Measure for Measure (Barbican) Pentecost (Young Vic) Did I see
The programme compilers for the RSC's Measure for Measure appear to have been to a different play from me. They labour under the misapprehension it is about sex, that it 'brings to the surface the sexual revulsion that bubbles just below' Shake- speare's late plays, blah, blah. Well, I don't care how you play it: Measure for Measure remains a satire on justice and one day Amnesty will get round to sponsoring it.
You would have thought the director Steven Pimlott had made it obvious enough by framing each tense scene within a prison set, so that nunnery, bordello and court all become kinds of gaol. To make it doubly clear, to our left is Old Sparky, to the right the throne from which the Duke dispenses justice. To make it trebly so, throughout the long final denouement, Claudio's preg- nant lover Juliet is held above the main stage, bound and gagged, perhaps suggest- ing that pregnancy entails its own confine- ment. In this play, however, matrimony is the supreme punishment: Claudio is made to marry her; Angelo, the Duke's deputy, has to wed the lover he spurned; and Lucio, the fantastic, is hitched to a prosti- tute. Prepare to meet thy ball-breaker. Michael Feast plays Duke Vincentio as a potentate whose only real use for power is to abuse it. In some productions he comes over as God (not merely ubiquitous, as Peter Cook as the Devil explains to Dudley Moore in Bedazzled, but omnipresent). Here he is a voyeur, so turned on by the power he wields that he wants to view it from every angle.
As the loin-tormented Angelo, Alex Jen- nings gives another exemplary perfor- mance. His hair brushed back so harshly that you wince, his face coldly scowling: yes, you can believe his 'urine is congealed ice'. Stella Gonet rightly plays up the fanaticism of Isabella's chastity, so that Angelo's overzealous honour is overthrown less by sex than by overzealous virtue. When the Duke suggests they marry, she slaps his face and then kisses him — an extra-textual suggestion of the aphrodisia- cal properties of power. The star of the show, however, is a surprise: Barry Lynch's crop-haired Lucio. Bad-mouthing every- one, yet steadfastly loyal to his friend Clau- dio, he is exactly the sort of sentimental cynic who would emerge from this Vienna.
Measure for Measure is a play with a theme but it excites and outrages because the theme is played out upon people. David Edgar's undoubtedly clever but over- long, over-elaborate and over-praised Pen- tecost, now revived by the RSC, is a play about something too — nationalism — but a strange breed of humanoid word-genera- tors occupies the space Shakespeare would have left for human beings.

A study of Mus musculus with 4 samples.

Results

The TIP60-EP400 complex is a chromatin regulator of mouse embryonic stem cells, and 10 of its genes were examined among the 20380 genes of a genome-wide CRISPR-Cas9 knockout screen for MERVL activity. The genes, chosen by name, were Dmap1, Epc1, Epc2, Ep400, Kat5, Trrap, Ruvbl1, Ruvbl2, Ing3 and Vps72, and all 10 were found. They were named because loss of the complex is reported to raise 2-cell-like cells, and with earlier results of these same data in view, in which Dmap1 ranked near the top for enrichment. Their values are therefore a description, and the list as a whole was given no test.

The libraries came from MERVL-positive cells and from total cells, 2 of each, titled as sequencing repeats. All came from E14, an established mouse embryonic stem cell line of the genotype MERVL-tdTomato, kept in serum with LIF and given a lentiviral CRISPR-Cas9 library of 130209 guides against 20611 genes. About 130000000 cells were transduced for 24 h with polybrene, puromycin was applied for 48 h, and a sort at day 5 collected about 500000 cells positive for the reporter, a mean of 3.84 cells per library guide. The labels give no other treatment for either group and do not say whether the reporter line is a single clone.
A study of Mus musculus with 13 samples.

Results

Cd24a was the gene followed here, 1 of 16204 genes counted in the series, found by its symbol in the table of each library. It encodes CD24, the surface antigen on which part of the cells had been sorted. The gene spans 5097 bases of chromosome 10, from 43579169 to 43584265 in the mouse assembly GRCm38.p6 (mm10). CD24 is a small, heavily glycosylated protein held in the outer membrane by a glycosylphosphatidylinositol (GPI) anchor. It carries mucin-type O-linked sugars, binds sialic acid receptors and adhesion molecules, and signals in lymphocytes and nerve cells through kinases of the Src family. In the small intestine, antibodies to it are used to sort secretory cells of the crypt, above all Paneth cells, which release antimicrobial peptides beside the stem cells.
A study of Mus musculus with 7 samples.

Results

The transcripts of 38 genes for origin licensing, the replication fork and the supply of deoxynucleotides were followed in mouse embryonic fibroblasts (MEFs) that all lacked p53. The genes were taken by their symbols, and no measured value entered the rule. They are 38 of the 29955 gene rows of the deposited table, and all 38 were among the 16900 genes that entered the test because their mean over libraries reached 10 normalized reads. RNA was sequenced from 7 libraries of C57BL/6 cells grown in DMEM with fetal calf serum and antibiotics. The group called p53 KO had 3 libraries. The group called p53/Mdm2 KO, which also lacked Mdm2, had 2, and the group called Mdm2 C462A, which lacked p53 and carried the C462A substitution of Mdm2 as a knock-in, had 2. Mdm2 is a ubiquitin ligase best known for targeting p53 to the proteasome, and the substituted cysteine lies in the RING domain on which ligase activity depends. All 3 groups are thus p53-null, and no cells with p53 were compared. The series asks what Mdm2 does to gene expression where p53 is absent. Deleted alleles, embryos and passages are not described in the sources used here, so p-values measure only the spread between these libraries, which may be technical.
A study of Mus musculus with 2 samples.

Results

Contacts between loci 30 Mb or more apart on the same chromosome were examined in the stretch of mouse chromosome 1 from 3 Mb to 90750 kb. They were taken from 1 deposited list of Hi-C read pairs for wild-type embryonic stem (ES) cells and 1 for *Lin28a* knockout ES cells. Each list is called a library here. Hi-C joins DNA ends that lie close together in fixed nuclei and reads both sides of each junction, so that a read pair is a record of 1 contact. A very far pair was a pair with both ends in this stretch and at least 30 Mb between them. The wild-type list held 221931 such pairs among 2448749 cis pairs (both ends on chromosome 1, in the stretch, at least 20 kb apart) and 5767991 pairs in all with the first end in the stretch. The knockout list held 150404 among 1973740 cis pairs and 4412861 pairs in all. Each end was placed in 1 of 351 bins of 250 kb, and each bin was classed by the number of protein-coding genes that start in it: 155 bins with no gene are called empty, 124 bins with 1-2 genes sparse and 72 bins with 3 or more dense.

We are in a church in an unspecified eastern European country. There is a debate taking place over a fresco uncov- ered behind a mural of a heroic revolution- ary. Is it a copy of a Giotto or does it predate it by 100 years? If it does this anonymous nation, not Italy, becomes the cradle of the renaissance.
Charles Kay plays the visiting English art historian in the supercilious manner of Robert Hardy. He is complemented by an enthusiastic Jan Ravens as the curator of the National Museum, who is sadly obliged to keep saying `okeydoke' in deep Slav, in order to make us laugh, and by Linal Haft as a suspect American scholar arguing for moral and cultural relativism. (All three actors excellent, incidentally.) The intellectual detective story carries the first act and, if Edgar were Tom Stop- pard, he would be content, although he would also be funnier. Edgar, however, for all his political sophistication, remains the- atrically naïve and after the interval trashes his own scenario by turning the play into a hostage drama.
The church is invaded by a group of refugees demanding asylum. If the charac- terisation has hitherto been sketchy, now it is all but abandoned in favour of an allego- ry of the nations, featuring a Mozambican, a Bosnian, a Ukrainian, an Afghan, and, for some reason, a Page Three girl. Sym- bolism takes over — was I dreaming, or did a priest enter naked, arms outstretched like Christ? — and the artistic wrangles, which had proved a perfectly serviceable metaphor for international politics, are replaced by anthropology lessons from the school of Jessie L. Weston.
Before we are released, the chapel is raided again by some local chapter of the SAS, which smashes its way in through the fresco, the 'weakest wall', killing assorted scholars. Thus is truth and beauty destroyed by western-inspired force, we are supposed to think. In fact we mourn nei- ther the deaths of characters we never learnt to love nor the final spluttering out of the renaissance, but the flimsiness of the play's self-obvious argument — that we are the sum of all the people who have invaded us. You leave promising yourself to read the text sometime knowing it will not be sometime soon.
Andrew Billen is a feature writer on the Observer. Sheridan Morley is away.